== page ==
The criminal justice reform bill that was recently released by the Senate (S2170) includes key provisions we support from H.328/S.876, An Act decriminalizing non-violent and verbal student misconduct.
These important provisions eliminate the practice of arresting students for minor behavioral infractions and establish standards and accountability for police in schools. This is an issue that disproportionately affects students of color and students with disabilities, and is a crucial component of our work to disrupt the school-to-prison pipeline.
Another important provision of these bills relates to data collection. Right now, the information and reporting on school arrests is scattered and incomplete. S2170 would require establishing systems for arrest data collection, reporting, and publication – similar to the reporting system for school suspensions.
I want to thank you for standing with us to push these bills to the front of the conversation! Your hard work will ensure that we keep kids in class where they belong.
But it’s not over yet!
We need you to call or email your state Senator and ask him/her to support these provisions in S2170. We’ve made it easy for you by providing a script that you can use below!
Hi, my name is ________ and I am calling to encourage Senator _______ to support comprehensive juvenile justice reform that prioritizes the wellbeing of students. Sections 13, 174, and 175 of Senate Bill 2170, (the omnibus criminal justice reform) support school discipline that moves away from unnecessary arrests and requires data collection and reporting of school based arrests.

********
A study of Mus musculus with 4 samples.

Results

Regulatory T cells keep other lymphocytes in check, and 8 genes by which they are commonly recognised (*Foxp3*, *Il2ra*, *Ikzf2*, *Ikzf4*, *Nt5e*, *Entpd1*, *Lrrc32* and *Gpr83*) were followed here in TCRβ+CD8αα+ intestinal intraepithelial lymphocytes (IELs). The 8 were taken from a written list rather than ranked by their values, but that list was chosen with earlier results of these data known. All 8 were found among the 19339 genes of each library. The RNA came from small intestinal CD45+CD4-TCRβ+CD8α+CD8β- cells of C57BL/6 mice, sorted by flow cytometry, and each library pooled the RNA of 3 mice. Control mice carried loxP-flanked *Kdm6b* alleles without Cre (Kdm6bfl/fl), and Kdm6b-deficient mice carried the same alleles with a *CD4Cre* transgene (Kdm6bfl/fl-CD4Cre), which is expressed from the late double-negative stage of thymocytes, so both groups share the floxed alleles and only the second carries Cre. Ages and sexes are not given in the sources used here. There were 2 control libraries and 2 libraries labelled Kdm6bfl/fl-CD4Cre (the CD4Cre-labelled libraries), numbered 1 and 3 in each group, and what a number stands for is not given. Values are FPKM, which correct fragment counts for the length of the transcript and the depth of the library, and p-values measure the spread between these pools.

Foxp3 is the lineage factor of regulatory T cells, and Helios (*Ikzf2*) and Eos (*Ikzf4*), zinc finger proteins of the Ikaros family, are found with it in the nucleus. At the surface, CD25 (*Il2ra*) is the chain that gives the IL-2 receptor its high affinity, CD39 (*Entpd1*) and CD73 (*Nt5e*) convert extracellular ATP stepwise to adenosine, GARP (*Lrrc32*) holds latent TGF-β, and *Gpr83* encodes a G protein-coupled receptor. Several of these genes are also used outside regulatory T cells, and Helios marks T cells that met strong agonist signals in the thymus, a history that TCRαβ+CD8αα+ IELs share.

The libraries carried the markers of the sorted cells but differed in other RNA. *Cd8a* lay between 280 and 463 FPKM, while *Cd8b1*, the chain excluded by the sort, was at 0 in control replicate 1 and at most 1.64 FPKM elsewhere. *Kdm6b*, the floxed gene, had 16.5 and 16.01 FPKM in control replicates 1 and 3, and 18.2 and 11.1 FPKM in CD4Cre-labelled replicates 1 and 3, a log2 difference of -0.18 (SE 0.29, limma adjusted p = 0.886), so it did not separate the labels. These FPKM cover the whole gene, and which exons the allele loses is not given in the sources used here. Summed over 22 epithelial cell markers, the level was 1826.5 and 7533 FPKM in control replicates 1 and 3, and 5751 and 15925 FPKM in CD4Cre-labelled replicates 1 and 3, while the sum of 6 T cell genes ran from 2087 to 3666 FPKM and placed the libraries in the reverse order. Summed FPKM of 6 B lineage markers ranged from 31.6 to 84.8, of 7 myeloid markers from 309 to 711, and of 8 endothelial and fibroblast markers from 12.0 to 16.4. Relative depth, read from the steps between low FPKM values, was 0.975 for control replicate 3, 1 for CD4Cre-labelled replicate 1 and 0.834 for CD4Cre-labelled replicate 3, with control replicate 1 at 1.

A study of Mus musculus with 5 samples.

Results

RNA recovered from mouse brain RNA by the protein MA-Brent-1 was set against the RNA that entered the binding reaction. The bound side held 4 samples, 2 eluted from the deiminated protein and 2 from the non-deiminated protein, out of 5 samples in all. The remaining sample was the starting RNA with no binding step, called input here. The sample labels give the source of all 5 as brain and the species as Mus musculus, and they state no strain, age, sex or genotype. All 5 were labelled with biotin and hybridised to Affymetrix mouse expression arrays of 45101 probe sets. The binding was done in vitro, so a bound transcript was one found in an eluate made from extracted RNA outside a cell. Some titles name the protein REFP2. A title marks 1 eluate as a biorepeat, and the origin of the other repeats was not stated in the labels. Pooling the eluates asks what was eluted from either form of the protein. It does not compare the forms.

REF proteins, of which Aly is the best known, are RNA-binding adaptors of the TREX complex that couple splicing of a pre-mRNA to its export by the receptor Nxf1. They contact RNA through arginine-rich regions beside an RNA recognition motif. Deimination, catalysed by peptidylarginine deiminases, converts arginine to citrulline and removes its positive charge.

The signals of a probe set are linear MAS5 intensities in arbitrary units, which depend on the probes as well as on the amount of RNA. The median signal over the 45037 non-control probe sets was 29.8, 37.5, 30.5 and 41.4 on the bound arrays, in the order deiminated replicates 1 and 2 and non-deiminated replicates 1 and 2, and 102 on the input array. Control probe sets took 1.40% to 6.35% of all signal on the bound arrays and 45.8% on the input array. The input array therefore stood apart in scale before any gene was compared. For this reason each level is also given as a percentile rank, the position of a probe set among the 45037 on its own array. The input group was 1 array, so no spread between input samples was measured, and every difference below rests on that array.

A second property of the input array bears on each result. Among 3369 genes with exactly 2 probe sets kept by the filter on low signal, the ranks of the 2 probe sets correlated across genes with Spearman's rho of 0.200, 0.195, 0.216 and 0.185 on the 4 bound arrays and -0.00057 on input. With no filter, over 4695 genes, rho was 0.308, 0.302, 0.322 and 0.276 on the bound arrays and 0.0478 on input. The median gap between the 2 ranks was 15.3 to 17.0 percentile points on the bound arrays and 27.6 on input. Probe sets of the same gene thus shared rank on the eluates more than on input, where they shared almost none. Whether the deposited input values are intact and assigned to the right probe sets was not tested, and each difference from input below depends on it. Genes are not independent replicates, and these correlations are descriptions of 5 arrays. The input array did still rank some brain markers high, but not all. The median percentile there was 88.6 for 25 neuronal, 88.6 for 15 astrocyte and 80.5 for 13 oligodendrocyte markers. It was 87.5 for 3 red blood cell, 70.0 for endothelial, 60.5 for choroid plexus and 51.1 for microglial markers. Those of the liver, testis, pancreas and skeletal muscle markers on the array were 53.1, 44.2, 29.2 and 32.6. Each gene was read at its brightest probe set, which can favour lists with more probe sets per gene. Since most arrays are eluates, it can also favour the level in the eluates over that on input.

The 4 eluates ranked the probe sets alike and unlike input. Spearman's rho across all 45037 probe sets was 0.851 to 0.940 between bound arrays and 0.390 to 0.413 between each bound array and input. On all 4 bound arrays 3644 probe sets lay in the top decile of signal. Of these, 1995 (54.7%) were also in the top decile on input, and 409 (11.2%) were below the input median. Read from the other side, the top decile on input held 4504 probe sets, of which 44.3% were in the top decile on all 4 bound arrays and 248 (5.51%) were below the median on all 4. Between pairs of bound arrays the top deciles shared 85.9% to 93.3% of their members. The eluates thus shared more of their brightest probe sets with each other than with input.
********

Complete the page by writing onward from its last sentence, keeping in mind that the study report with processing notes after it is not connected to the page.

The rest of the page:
- These provisions would:
- eliminate the practice of arresting students for minor behavioral infractions;
- establish standards and accountability for police in schools; and
- require establishing systems for arrest data collection, reporting, and publication – similar to school suspensions.
- These provisions are necessary because:
- Unnecessarily arresting students ruins lives and encourages youth to drop out of school.
- Students who drop out are more likely to go to prison, earn less income and rely more on public benefits than students who complete school.
- Student arrests disproportionately target students of color and students with disabilities.
- No data is currently collected or reported about school based arrests.
- Data collection will inform us on the prevalence and reasons for arresting students.
- Reporting school arrests would be a simple additional requirement to reporting that school districts already file with the Department of Elementary and Secondary Education.
- Please support a final Criminal Justice Reform bill that includes these provisions!
Join us and call or email your State Senator today!
Thank you for your continued support.